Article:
When Windows Phone 7 devices arrive this holiday season, they will be diving into crowded U.S. consumer waters full of CrackBerry addicts and iPhone fans.
But it's not as if Windows Mobile is a smartphone also-ran. Today, Windows Mobile owns 15.1 percent of the market, according to comScore's most recent numbers, putting Microsoft in third place behind RIM (42 percent) and Apple (25.5 percent). Google's Android platform is moving up at 9 percent, in the fourth place slot.
But the Windows Mobile platform has its work cut out for it. Recent surveys and analyst reports portray Windows Mobile as out of the loop and sorely lacking the brand loyalty of RIM and Apple. There is also the added challenge that applications compatible with Windows Mobile 6.5 or older will not run on Windows Phone 7 devices.
Yet positive overall reviews for Windows Phone 7's look, feel and functionality have shifted momentum. And if Microsoft doesn't win over the hearts and minds of consumers right away, the company believes it has an ace in the hole: the enterprise.
Here Redmond has a long-established ecosystem in place that it can integrate with Windows Phone 7 devices. The goal with the Windows Phone 7, according to a blog post written by Paul Bryan, senior director of Microsoft's mobile communications group, is to "address the needs of customers with active personal and business lives who desire a single device that navigates seamlessly between work and play."
At the TechEd conference this week in New Orleans, Microsoft revealed a few visual changes to Windows Phone 7 and outlined how the mobile platform will meet IT's integration needs by combining a new design interface with tighter integration with Exchange and Exchange ActiveSync, Outlook, PowerPoint, SharePoint, Word and Excel.
In an interview last week at the Redmond campus, Microsoft's Bryan shared with CIO.com three reasons Windows Phone 7 is more armed and ready for the enterprise than any other smartphone.
1. New Design Will Improve Employee Productivity
The Windows Phone 7 homescreen is organized around live tiles -- dynamic icons that update automatically.
The tiles lead to what Microsoft is calling hubs, which are menu areas that collect data based on functions, not applications. For example, the People hub is not just a list of contacts, but a real-time stream of updates about your friends that have been pulled in from Facebook or Windows Live.
There is a tile for People, Pictures, Games, Music + Video and Marketplace. But the tile businesses users and IT managers will be most interested in is the Office tile.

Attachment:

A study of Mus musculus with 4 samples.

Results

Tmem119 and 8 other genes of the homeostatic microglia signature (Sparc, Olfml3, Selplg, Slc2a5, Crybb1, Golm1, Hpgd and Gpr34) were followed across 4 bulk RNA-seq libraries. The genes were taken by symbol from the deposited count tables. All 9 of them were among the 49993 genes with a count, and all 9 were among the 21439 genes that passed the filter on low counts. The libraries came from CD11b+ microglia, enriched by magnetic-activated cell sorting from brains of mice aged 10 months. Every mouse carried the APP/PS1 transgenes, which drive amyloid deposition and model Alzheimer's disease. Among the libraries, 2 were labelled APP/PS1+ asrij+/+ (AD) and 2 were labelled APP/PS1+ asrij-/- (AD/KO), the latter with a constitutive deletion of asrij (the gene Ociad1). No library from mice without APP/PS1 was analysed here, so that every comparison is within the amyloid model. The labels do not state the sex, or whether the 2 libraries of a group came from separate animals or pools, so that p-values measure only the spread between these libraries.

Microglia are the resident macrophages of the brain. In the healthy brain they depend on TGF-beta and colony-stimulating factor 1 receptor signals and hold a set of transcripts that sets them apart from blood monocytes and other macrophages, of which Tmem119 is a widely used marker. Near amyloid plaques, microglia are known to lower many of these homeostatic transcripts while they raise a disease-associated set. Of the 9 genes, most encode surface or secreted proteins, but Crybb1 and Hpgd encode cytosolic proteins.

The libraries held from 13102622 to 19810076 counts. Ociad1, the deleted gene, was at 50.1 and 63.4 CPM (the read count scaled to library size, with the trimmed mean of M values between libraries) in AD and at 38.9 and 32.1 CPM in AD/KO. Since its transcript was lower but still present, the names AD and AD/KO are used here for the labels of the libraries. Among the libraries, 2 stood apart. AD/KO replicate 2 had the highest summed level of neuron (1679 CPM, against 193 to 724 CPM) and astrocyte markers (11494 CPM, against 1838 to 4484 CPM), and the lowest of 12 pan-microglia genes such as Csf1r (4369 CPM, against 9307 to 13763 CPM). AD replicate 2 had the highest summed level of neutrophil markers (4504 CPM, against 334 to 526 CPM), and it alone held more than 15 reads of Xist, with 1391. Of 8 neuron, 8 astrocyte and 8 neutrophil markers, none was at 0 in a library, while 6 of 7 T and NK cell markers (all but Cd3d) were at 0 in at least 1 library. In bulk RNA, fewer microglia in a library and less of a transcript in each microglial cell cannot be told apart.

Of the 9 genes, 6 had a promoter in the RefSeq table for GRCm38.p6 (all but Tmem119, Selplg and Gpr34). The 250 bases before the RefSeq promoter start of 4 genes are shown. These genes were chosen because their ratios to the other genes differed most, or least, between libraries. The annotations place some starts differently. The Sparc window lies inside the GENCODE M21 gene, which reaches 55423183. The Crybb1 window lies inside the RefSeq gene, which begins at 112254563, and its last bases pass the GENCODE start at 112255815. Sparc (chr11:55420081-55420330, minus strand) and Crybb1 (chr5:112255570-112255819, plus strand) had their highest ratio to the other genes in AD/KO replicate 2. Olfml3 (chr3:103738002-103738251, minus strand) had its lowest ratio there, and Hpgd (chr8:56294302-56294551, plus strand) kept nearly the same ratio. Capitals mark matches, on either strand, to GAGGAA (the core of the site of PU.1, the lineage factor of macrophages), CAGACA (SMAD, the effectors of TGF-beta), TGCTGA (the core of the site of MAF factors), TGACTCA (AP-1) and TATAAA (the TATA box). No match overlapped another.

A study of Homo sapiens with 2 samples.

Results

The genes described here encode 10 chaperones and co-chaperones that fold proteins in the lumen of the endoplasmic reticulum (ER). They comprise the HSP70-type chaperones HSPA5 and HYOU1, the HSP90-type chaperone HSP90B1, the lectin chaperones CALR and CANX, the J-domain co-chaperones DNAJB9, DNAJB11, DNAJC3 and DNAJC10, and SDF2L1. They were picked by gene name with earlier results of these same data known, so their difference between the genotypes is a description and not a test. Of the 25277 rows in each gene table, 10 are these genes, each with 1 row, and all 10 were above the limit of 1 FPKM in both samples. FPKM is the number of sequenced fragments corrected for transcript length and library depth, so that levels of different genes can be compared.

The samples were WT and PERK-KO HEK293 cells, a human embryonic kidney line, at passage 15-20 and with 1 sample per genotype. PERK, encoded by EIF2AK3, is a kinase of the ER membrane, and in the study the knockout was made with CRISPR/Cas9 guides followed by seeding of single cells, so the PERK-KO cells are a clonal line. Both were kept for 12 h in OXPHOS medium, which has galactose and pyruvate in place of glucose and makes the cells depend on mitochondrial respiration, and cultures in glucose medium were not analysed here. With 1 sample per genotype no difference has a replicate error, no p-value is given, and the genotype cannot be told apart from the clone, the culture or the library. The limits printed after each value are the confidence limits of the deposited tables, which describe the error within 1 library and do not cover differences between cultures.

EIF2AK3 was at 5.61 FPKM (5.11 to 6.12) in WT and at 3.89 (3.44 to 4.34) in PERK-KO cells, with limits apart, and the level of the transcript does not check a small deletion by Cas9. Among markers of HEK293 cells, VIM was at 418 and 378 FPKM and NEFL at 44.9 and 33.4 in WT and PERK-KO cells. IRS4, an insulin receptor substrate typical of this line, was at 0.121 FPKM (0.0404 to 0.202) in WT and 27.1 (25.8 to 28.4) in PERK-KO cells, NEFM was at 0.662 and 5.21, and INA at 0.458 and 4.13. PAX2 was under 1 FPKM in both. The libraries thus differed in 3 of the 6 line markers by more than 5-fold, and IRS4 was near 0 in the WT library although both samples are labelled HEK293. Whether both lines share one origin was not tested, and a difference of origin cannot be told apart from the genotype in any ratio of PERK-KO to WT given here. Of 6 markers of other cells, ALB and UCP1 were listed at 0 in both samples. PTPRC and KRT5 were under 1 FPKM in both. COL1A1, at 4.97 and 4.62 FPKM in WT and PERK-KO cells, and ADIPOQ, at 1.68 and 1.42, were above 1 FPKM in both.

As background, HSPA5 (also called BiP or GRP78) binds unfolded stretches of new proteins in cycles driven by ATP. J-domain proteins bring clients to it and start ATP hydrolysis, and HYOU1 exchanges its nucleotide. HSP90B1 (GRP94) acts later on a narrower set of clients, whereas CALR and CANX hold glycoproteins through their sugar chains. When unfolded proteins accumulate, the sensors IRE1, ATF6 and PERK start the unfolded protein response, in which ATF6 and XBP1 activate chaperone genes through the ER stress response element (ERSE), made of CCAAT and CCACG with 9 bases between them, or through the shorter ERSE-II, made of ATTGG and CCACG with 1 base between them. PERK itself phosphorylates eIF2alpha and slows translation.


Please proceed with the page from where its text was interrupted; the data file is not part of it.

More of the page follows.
The Office Tile leads to the Office Hub, where business users can manage all their Office documents and sync them to their PC using Windows Live Skydrive or through SharePoint Server. You can access Office documents that you receive in an e-mail or that are posted in SharePoint, make changes to the document on the phone and sync it back to SharePoint. At the same time, the SharePoint client is on the phone itself so any update to Office docs in SharePoint can be viewed and edited on the phone.
"You can access behind the firewall documents that you can keep updated and synced, as opposed to, say, a Web interface that can only get you so far in terms of access to viewing," says Microsoft's Bryan, referring to how far you'll get with a non-Windows phone, which often use third-party software to view Office documents.
2. Integration with Microsoft Ecosystem
Microsoft aims to enhance Windows Phone integration with e-mail, calendar and contacts with Exchange Server and improve document sharing and collaboration with SharePoint Server. Both can be accomplished on-premise or in the cloud.
Also from within the Office Hub in Windows Phone 7, business users can access BPOS, Microsoft's business productivity online suite that offers cloud-based versions of Exchange and SharePoint.
Outlook e-mail and calendar integration are key business features of Windows Phone 7, says Bryan. For example, business users can mark an e-mail as read or unread or flag it as important, and it will be replicated to a user's desktop. Also, mobile Outlook for Windows Phone 7 has merged e-mail and calendaring so that if there is a calendar conflict it shows up in an e-mail that takes you right to the calendar appointment, rather than your having to find the appointment to see if there is a conflict.
The ultimate advantage of Windows Phone 7 devices, Bryan says, is that most IT departments won't have to change their existing infrastructures to use them.
"It works with Exchange; it works with SharePoint," he says. "It doesn't require middleware or other software to actually do the things we're talking about. You don't have to learn something new, or buy something new."
3. Protecting Corporate Information
Microsoft says Windows Phone 7 will help IT protect corporate information by securing the devices through PINs and passwords, while limiting the unwanted transfer of data by no longer allowing access to data through PC tethering or support for removable SD cards.
In addition, Windows Phone 7 supports IT-managed Exchange ActiveSync policies such as Require Password, Password Policies, Remote Wipe, and Reset to Factory Settings if there are repeated failed attempts to unlock the phone.
Windows Phone 7 helps ensure data reliability through application sandboxing and managed code so IT can ensure that communications channels between applications can't be opened and system resources can't be accessed.
For additional security, Windows Phone 7 Marketplace uses certification and verification of applications and content. Data transmission is secured through SSL Encryption 128/256 Bit and access to on-premise applications is made secure using Forefront UAG (Universal Access Gateway).
This story, "Windows Phone 7: 3 Reasons It's Not Just for Consumers" was originally published by CIO.